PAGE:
On Monday, U.S. Senators Herb Kohl and Mike Lee, Chairman and Ranking Member of the Judiciary Antitrust Subcommittee, sent a letter
to Jon Liebowitz, Chairman of the Federal Trade Commission (FTC), expressing concerns over Google's business practices and its impact on competition in Internet search and commerce.
"We believe these allegations regarding Google's search engine practices raise important competition issues. We are committed to ensuring that consumers benefit from robust competition in online search and that the Internet remains the source of much free-market innovation. We therefore urge the FTC to investigate the issues raised at our Subcommittee hearing to determine whether Google's actions violate antitrust law or substantially harm consumers or competition in this vital industry," they stated in the letter.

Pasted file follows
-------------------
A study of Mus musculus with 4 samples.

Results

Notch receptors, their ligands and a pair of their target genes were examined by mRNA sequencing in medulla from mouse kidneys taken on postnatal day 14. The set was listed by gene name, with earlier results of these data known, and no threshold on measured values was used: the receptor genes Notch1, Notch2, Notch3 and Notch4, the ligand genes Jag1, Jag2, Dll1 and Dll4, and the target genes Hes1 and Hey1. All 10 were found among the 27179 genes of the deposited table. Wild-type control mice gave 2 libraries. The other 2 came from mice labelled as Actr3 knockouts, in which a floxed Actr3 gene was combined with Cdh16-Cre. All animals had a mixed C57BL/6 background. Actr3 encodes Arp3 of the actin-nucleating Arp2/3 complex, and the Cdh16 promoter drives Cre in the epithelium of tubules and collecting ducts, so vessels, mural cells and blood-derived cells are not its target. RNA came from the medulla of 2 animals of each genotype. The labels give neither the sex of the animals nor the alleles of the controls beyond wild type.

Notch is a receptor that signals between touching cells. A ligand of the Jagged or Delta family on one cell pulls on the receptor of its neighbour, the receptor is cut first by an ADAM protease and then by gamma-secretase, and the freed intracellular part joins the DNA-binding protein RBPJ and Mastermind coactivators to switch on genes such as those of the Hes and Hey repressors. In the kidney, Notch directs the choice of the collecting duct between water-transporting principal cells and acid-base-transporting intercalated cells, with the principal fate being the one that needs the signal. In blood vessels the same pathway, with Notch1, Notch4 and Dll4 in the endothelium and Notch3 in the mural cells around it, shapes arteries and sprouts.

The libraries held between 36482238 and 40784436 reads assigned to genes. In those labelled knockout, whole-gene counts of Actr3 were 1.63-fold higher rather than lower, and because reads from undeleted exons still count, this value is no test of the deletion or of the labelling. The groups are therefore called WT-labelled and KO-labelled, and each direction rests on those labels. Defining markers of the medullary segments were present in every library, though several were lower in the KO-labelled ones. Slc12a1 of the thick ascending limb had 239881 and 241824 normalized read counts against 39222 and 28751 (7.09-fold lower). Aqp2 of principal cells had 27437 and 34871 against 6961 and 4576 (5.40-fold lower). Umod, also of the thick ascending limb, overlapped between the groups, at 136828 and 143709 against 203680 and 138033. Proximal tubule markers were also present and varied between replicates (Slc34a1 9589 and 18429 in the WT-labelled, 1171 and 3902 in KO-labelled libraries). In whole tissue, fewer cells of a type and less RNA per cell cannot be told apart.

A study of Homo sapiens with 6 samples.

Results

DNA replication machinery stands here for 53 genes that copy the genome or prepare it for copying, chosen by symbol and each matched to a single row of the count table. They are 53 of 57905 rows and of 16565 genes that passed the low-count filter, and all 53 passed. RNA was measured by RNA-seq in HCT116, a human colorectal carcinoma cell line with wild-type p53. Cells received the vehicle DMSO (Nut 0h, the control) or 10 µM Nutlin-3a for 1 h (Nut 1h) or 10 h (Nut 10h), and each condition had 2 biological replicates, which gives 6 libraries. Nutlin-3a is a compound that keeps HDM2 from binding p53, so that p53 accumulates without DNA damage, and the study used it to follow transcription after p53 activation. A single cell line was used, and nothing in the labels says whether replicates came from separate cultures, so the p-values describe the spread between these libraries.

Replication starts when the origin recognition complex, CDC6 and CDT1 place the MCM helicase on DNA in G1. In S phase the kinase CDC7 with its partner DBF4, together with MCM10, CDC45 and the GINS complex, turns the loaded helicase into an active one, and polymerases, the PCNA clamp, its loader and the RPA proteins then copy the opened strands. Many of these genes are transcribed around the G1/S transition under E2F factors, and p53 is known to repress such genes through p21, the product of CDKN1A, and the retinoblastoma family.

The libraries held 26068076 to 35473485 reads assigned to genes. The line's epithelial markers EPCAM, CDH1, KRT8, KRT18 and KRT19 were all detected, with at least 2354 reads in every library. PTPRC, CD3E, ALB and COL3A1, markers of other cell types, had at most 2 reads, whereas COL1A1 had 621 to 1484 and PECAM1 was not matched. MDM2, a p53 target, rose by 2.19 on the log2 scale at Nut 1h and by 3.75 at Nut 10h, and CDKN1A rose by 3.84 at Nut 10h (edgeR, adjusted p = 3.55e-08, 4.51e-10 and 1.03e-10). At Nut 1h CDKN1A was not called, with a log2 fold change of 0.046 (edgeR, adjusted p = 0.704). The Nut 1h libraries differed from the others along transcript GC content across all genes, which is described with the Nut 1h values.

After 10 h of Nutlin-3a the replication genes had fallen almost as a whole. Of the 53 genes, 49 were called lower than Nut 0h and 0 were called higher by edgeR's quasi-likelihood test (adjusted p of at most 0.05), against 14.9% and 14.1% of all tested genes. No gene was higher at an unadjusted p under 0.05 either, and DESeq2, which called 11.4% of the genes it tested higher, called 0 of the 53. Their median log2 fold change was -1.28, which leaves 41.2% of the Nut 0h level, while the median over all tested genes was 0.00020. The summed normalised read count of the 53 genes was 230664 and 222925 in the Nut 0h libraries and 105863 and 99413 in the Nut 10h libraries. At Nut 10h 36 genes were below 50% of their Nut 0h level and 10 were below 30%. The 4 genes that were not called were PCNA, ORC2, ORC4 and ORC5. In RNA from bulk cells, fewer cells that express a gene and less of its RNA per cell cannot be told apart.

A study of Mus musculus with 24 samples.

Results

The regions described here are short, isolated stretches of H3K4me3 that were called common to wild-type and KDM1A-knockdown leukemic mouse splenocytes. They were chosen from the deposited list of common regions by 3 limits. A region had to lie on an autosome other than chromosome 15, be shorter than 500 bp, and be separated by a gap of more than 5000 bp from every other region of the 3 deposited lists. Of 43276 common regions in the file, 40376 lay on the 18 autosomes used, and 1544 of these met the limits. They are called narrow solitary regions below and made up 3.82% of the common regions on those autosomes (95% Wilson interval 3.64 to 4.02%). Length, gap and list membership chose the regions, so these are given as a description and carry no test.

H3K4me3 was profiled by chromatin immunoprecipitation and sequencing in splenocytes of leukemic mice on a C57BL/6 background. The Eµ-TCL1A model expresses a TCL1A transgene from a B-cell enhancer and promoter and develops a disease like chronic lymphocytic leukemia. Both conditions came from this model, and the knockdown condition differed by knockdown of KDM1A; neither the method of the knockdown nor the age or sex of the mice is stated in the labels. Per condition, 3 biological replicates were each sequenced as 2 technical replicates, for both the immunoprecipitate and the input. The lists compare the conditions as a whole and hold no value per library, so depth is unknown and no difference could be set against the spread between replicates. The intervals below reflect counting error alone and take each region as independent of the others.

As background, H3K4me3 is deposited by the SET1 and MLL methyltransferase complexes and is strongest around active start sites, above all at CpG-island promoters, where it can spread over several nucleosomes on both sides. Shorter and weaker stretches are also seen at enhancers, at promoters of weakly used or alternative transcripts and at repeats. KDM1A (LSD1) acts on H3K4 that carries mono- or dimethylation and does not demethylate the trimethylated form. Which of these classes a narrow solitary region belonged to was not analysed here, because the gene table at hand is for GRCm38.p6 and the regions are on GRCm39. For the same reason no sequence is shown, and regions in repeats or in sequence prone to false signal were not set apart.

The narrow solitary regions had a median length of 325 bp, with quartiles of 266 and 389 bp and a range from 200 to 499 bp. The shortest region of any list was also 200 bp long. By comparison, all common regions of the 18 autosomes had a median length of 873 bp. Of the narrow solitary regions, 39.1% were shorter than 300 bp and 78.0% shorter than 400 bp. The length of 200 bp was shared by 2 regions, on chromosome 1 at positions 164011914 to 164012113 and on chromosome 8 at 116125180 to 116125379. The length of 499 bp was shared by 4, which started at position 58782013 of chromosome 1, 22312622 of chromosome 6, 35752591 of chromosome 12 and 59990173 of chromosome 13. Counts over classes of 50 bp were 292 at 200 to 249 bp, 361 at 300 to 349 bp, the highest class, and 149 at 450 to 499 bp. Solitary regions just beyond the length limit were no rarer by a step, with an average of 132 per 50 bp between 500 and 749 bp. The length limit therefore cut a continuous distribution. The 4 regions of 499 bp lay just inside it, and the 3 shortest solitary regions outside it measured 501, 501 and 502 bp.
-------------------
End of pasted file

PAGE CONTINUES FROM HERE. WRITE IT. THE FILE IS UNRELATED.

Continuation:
The Senators letter notes that, "rather than act as an honest broker of unbiased search results, Google's search results appear to favor the company's own web products and services." They go on to suggest that "under the the FTC's mandate to protect consumers from misleading and deceptive practices, the FTC should seriously consider requiring Google to label its 'inbox' or 'places' listing (or other similiar listings), as Google products, just as it labels paid search results."
In September, Kohl and Lee convened a hearing of the Judiciary Antitrust Subcommittee to examine Google's effects on competition and heard testimony from Google's Executive Chairman Eric Schmidt and others.
The FTC is already on the case, having confirmed last summer that is investigating Google's business practices.
Nonprofit organization "Consumer Watchdog" has been also calling for antitrust action against the Internet giant since 2010.